Macedonia Lawmakers Set Again To Debate Name Change Amid Uncertainty

Ahead of the Macedonian vote, Prime Minister Zoran Zaev had emphasised the historic importance of the decision.

Macedonia's parliament has approved changing the country's name to North Macedonia, appeasing Greece and bringing the country one step closer to membership in NATO.

"I changed my opinion on the name issue in the name of progress and at the cost of my political career", he added.

If approved, the name change would help resolve a decades-long dispute with neighboring Greece - opening the way for Skopje to join North Atlantic Treaty Organisation and the European Union.

Macedonian Prime Minister Zoran Zaev, seen on the right, is now looking to his Greek counterpart Alexis Tsipras to uphold his end of the name change agreement.

For the Greeks, Macedonia evokes national pride as the cradle of Alexander the Great's ancient empire, a heritage that they guard jealously.

Macedonian lawmakers were convening later Friday to vote on the amendments, for which a super majority of two-thirds of the 120 members - or 80 votes - is required.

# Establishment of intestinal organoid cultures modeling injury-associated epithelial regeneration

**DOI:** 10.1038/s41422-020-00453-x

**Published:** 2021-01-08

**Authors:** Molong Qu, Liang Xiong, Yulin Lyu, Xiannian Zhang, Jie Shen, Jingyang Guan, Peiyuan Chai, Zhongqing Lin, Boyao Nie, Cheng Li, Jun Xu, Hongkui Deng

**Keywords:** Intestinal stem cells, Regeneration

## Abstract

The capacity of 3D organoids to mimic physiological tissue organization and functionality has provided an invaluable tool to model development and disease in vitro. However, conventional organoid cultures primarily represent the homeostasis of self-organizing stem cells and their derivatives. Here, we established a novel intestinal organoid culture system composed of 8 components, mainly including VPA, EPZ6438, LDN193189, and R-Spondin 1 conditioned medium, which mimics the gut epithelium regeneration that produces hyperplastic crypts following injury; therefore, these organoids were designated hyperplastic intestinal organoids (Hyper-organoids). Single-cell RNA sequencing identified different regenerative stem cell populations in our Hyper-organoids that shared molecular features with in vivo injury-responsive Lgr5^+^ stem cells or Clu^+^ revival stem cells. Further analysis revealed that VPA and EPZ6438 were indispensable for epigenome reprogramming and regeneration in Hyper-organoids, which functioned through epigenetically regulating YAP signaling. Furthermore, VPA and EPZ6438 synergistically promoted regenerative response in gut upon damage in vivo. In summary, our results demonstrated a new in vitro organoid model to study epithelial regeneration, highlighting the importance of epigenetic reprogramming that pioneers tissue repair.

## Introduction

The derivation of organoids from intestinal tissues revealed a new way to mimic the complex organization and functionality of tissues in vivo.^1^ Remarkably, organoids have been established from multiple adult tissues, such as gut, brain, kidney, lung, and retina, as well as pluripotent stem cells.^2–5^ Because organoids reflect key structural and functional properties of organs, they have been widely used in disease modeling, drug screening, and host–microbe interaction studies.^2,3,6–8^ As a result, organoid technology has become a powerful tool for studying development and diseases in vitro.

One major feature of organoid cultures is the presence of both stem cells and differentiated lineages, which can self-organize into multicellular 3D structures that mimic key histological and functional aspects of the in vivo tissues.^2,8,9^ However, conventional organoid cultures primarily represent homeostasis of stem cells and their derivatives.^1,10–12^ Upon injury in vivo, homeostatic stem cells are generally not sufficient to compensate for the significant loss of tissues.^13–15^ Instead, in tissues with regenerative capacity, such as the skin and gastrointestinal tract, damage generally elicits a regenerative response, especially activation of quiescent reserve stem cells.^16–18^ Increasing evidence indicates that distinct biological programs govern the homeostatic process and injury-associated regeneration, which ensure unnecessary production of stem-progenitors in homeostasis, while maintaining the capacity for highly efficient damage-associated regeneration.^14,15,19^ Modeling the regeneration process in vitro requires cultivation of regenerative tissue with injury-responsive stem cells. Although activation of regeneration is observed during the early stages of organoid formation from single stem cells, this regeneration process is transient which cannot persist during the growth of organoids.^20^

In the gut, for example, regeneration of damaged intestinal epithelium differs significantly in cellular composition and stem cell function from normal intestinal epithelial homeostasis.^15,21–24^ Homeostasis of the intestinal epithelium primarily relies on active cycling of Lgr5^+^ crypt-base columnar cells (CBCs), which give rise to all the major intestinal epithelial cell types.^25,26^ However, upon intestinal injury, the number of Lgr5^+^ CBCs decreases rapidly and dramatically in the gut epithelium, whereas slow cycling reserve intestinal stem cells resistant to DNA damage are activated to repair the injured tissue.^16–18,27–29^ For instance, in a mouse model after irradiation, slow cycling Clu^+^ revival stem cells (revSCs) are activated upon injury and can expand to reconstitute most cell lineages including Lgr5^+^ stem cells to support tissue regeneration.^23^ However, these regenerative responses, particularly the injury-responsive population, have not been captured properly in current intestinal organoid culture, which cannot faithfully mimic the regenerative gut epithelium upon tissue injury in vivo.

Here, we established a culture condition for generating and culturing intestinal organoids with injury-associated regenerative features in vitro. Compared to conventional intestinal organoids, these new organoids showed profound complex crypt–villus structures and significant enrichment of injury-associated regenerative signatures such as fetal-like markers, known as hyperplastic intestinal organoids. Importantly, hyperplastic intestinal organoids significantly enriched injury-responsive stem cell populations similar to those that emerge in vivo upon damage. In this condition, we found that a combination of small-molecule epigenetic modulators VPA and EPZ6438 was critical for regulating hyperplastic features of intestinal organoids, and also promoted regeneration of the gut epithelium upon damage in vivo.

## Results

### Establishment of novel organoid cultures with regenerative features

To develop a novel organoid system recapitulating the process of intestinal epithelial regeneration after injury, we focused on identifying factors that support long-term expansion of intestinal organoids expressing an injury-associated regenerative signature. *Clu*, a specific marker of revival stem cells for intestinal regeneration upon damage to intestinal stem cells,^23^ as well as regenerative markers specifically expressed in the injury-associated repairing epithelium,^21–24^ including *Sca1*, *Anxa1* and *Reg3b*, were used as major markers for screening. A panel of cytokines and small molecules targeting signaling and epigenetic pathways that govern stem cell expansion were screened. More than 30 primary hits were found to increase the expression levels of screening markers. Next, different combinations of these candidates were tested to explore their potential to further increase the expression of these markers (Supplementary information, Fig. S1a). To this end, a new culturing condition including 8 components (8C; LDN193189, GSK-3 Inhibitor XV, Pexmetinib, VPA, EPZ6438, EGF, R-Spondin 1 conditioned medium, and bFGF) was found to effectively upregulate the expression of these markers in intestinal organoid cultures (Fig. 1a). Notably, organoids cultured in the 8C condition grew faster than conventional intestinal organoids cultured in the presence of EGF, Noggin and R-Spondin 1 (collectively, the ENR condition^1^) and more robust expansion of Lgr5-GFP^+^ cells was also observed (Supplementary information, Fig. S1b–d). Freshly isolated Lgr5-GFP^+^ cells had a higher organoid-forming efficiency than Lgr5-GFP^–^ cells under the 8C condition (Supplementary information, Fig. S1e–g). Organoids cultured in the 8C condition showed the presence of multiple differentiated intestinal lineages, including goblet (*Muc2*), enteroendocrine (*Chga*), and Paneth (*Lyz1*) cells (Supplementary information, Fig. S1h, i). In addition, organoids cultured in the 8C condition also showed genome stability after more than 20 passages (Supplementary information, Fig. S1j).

But there is still opposition to the change.


In October past year, Macedonia went to referendum where vote fails to reach turnout threshold.

Macedonia's rightwing president, Gjorge Ivanov, has been a vocal opponent of the proposed name change and continues to speak out against it.

Macedonia's center-left government said Friday it has secured the required number of parliamentary votes to finalize constitutional changes that will rename the country North Macedonia and pave the way to NATO membership.

The order for a preliminary investigation came after two Greek news websites reported that lawmakers had received threatening text messages to vote against the deal, the source said.

Kammenos, defence minister and head of the right-wing Independent Greeks (ANEL) has vowed to reject the deal but at least one of his deputies has said publicly he will support it. "We also expect negotiations on joining the European Union to start", Zaev said.

The US ambassador in Skopje, Jess Bailey, commended the government and parliament for their "vision, courage and perseverance" in reaching the deal.

NATO Secretary General Jens Stoltenberg tweeted support of the agreement on Friday, calling it "an important contribution to a stable and prosperous region".